One person whose name did not pop up: President Trump, who relied on Mr. Cohn as a lawyer, mentor and more for 13 years starting in the early 1970s, embracing his pugnacious adviser’s hit-back-harder style along the way.
[Read more about Mr. Cohn’s influence on Mr. Trump.]
The format of the release made a definitive digital search nearly impossible, but a close reading of the 748 heavily redacted pages revealed no obvious sign of Mr. Trump.
Still, the letters, memos and other papers were a reminder of the unusual realm inhabited by Mr. Cohn — friend to J. Edgar Hoover, the first director of the Federal Bureau of Investigation, and a regular at once-legendary nightspots the Desert Inn in Las Vegas and El Morocco in Manhattan.
Adding to the documents’ relevance was their emergence on the heels of a new documentary, “Where’s My Roy Cohn?,” which returns Mr. Cohn to the spotlight with a title quoting the president’s quest for someone to fight for him as fiercely as Mr. Cohn once did.
Mr. Cohn was a singular celebrity by the time he died of AIDS in 1986, weeks after being disbarred for ethical misconduct.
He had made his name prosecuting Julius and Ethel Rosenberg for espionage — and pressing for their execution — and acting as Senator Joseph McCarthy’s Communist-hunting right hand in the 1950s.
Later he became a feared, and fearsome, advocate for the mafia boss Anthony Salerno, the former Yankees owner George Steinbrenner and Mr. Trump, among others.
Mr. Cohn urged against settling the case, as Mr. Trump was considering.
“Tell them to go to hell and fight the thing in court,’” Mr. Trump later recalled Mr. Cohn telling him. The Trumps ultimately did settle, but not before filing a $100 million countersuit against the government.
It was the start of a relationship during which Mr. Cohn helped Mr. Trump close signature construction deals, sued the National Football League for conspiring against his client and prepared an onerous prenuptial agreement for Mr. Trump’s first wife.
Like Mr. Trump, most of Mr. Cohn’s best-known clients do not appear in the just-released documents. Mr. Salerno, known as Fat Tony, is an exception.
The context is Mr. Cohn’s complaint to William Webster, the F.B.I. director at the time, that the bureau had “planted” a 1985 article in the The New York Post about the bureau’s efforts to try to wiretap Mr. Cohn’s office to obtain information about the Mafia boss.
Mr. Webster denies in a letter to Mr. Cohn that the F.B.I. fed information to reporters, but a separate memo by a different official acknowledged that agents had conducted surveillance of Mr. Cohn’s office “to ascertain the feasibility of installing a monitoring device to intercept the conversations of Genovese boss Anthony Salerno” and a Teamsters contact.
The vast majority of the documents — around 600 pages — cover a period from 1962 to 1964 when Mr. Cohn was being prosecuted over accusations that he had fixed a grand jury to head off indictments in a stock-fraud scheme.
The documents show investigators exhaustively tracing Mr. Cohn’s movements around the United States to determine where and when he might have received a piece of the $50,000 payoff at the center of the case.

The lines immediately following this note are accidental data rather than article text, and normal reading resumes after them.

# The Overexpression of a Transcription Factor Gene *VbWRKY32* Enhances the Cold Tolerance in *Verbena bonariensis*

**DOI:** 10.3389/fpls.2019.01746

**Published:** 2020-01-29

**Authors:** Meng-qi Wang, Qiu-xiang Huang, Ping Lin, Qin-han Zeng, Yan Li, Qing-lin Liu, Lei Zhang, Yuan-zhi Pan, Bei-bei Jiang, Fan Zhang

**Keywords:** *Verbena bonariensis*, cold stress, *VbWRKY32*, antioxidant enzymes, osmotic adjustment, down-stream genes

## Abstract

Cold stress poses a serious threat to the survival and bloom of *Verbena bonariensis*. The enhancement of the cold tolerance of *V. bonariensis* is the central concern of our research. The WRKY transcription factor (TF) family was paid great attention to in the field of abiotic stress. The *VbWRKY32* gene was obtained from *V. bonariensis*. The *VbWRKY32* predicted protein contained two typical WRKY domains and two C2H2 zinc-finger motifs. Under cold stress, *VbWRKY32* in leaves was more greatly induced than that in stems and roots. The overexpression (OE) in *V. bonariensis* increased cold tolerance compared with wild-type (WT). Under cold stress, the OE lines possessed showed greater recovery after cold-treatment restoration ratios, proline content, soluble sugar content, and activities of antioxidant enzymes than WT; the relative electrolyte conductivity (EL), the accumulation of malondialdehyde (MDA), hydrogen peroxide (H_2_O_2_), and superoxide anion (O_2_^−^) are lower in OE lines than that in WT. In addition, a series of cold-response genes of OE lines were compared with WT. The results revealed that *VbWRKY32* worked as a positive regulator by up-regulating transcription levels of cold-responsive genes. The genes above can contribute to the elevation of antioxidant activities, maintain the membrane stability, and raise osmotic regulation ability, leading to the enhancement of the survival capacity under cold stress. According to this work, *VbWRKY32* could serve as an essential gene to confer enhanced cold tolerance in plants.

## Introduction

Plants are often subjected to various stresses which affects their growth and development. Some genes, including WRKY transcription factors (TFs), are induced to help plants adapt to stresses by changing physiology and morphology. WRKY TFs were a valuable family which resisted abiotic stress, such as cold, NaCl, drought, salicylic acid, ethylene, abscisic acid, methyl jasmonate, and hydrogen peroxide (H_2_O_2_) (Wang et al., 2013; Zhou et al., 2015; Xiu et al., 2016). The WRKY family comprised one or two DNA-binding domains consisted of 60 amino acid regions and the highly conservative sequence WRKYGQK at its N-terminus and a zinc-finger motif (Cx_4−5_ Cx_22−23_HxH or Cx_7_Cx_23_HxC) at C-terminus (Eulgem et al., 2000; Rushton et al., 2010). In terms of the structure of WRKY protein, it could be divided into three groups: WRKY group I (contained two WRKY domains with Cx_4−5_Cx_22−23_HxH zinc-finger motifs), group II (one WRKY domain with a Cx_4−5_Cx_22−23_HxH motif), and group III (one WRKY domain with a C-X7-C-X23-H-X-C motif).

One 1962 memo tied to the case noted that “a source of our Las Vegas office has advised that Las Vegas gamblers are greatly concerned over the extreme pressure being applied by the federal government on the Nevada gambling industry.”
A high-ranking Justice Department official, the document notes, had been approached “to determine whether he would ‘trade Las Vegas’ for ‘Roy Cohn’” — an overture that was “flatly rejected.”
The offer, the memo continues, “appears to be a clear indication that the hoodlum element would trade Roy Cohn” if doing so “would relieve the investigative pressure presently being applied to the Nevada gambling industry.
Mr. Cohn was ultimately acquitted in the case, which he considered a result of a vendetta against him by Robert F. Kennedy, the attorney general, carried out by Robert M. Morgenthau, the United States attorney in Manhattan at the time.
Once the case ended, Mr. Cohn was quick to praise the F.B.I.’s work on it, according to a 1964 memo detailing a phone call he made to a top bureau official.
“The purpose of his call was to let the F.B.I. know of his opinion that our agents, who had testified for both the prosecution and the defense, had handled themselves in complete fairness and candor,” the official, Cartha D. DeLoach, wrote.
The F.B.I. files suggest that Mr. Cohn and Mr. Hoover shared a special bond.
“You are such a great institution up and down this nation,” Mr. Cohn wrote in a 1969 letter to the bureau’s longtime director, “that I hate to see you diverted or annoyed for even a minute.”
Mr. Hoover was similarly complimentary in his reply.
“Your generous comments regarding me are indeed gratifying,” he wrote in a letter that begins, “Dear Roy.”
Mr. Cohn’s praise for the F.B.I. notwithstanding, it is clear from the files that he was a consistent target of scrutiny.
A memo recounting an “often-hostile, sometimes-shouting” appearance he made on a radio show in 1975 to debate the merits of the Rosenberg case notes his involvement in “two pending cases.”
One case involved the possible insurance-fraud loss of Mr. Cohn’s yacht, Defiance, in 1973 off the coast of Florida. The second was related to an extortion investigation of a pornographic film theater in New Jersey in which Mr. Cohn held a stake.
Asked why the file had been made public, the bureau’s press office said the release was in response to a Freedom of Information Act request. Details about the request were not immediately available.